By Judith Sudilovsky
Churches in the Middle East must work together to overcome the problems facing the region in order that “peace can prevail,” Archbishop Chrysostomos of Cyprus said in an address on 18 February at an extraordinary meeting in Cyprus of the Executive Committee of the Middle East Council of Churches.
“We believe strongly that the time has come for all of us — all the churches of the Middle East — to join forces and work consciously towards a solution of the many serious problems that exist in our region, and above all so that peace can prevail in our countries and among our peoples, far from religious fanaticism and bigotry,” the archbishop told the gathering.
However, he noted, in order to be effective the MECC must overcome its own internal disagreements and he reiterated his proposal that the Church of Cyprus undertake the secretariat support of the council’s offices.
“As can be easily understood, in order for us, the Middle East Council of Churches, to be able to exercise our role and make an active and fruitful contribution to the desired objective of establishing a better and happier world in our region, without wars and bloodshed, we must focus with Christian love and in a spirit of good will and mutual understanding, on the task of examining the problems we are facing, in order to give answers and achieve solutions,” he said.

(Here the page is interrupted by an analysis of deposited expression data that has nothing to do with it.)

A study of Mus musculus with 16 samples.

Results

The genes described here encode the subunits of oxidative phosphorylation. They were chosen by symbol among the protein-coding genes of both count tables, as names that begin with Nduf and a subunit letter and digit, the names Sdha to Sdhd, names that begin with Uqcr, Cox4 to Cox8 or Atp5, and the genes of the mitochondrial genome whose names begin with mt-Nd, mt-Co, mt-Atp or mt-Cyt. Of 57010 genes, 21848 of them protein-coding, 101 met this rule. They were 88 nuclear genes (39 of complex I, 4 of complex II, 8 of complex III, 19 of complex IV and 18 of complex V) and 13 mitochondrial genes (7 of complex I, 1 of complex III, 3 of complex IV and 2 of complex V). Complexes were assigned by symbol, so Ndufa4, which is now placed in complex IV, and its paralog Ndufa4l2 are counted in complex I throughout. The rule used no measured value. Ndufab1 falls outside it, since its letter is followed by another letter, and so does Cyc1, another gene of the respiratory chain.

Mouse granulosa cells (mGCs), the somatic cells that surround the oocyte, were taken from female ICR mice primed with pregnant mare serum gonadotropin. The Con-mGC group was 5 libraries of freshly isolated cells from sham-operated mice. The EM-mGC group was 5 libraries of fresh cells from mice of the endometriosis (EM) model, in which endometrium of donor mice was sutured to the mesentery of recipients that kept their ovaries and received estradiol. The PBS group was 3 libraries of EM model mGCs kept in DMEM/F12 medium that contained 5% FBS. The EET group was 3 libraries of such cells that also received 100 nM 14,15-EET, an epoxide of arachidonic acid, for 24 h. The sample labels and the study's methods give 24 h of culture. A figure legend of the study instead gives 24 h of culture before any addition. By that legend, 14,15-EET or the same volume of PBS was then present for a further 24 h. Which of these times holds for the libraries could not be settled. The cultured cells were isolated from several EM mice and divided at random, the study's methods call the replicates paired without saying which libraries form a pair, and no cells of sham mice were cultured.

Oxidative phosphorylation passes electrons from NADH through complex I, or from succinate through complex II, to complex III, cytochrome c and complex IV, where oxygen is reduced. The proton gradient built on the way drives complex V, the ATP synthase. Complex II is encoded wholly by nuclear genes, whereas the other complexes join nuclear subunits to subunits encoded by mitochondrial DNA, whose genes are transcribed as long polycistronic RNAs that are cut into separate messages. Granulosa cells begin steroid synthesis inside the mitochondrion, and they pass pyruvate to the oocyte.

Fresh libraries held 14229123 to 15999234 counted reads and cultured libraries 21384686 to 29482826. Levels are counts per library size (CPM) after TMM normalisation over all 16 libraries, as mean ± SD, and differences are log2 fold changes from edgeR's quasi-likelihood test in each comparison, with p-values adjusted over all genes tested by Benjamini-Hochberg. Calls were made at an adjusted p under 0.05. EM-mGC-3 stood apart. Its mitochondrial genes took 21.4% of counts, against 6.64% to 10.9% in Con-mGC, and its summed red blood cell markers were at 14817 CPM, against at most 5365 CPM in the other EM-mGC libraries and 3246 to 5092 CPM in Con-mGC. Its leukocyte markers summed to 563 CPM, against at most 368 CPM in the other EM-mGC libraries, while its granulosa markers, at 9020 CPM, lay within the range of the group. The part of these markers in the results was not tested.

All four church groups — including the Eastern Orthodox, Oriental Orthodox, Catholic and Evangelical churches — were represented by their presidents and five additional representatives from each church. One of the objectives of the meeting was to prepare for the general assembly scheduled to take place in Cyprus in August.
Some representatives from churches in Egypt were unable to attend because of the political situation in their country, said the Rev. Munib A. Younan, Bishop of the Evangelical Lutheran Church in Jordan and the Holy Land, and president of the Evangelical family of churches.
The current situation in the Middle East was discussed at the executive committee meeting, said Younan in a telephone interview on 21 February.
“We are all for political and economic reforms but at the same time our message is very clear that we have to let the grassroots (movements) who are supporting (the protests) know they should always be moderate, promote human rights, freedom of religion and speech,” he said. “We hear the cries of the people and we tell the people to use their sanity and not only their frustrations, (in order to build) a moderate civil society.”
He added that the Cyprus meeting had served to “strengthen and re-invigorate” the unity amongst the MECC member churches despite any “moments of disagreements.”
“Ecumenalism is always in our discussions, seeing how we can improve our unity in a situation we are living in with such political upheaval, in a situation where extremism and fanaticism is growing in the whole Middle East including our country,” said Younan.
Christians are an integral part of Middle Eastern societies, he added, and so far the demonstrations in the region have not been against any religious groups but have remained protests against authoritarian political regimes. “We are still monitoring and watching what is happening,” he said.
In his address, Chrysostomos also noted that the executive committee meeting was taking place during “critical times for the region.” In particular, he noted “the regrettable phenomena of the rise of religious fanaticism and the serious violation of religious freedoms.” He said that in the northern part of Turkish-occupied Cyprus, Turkish security officials are preventing priests from carrying out their religious duties.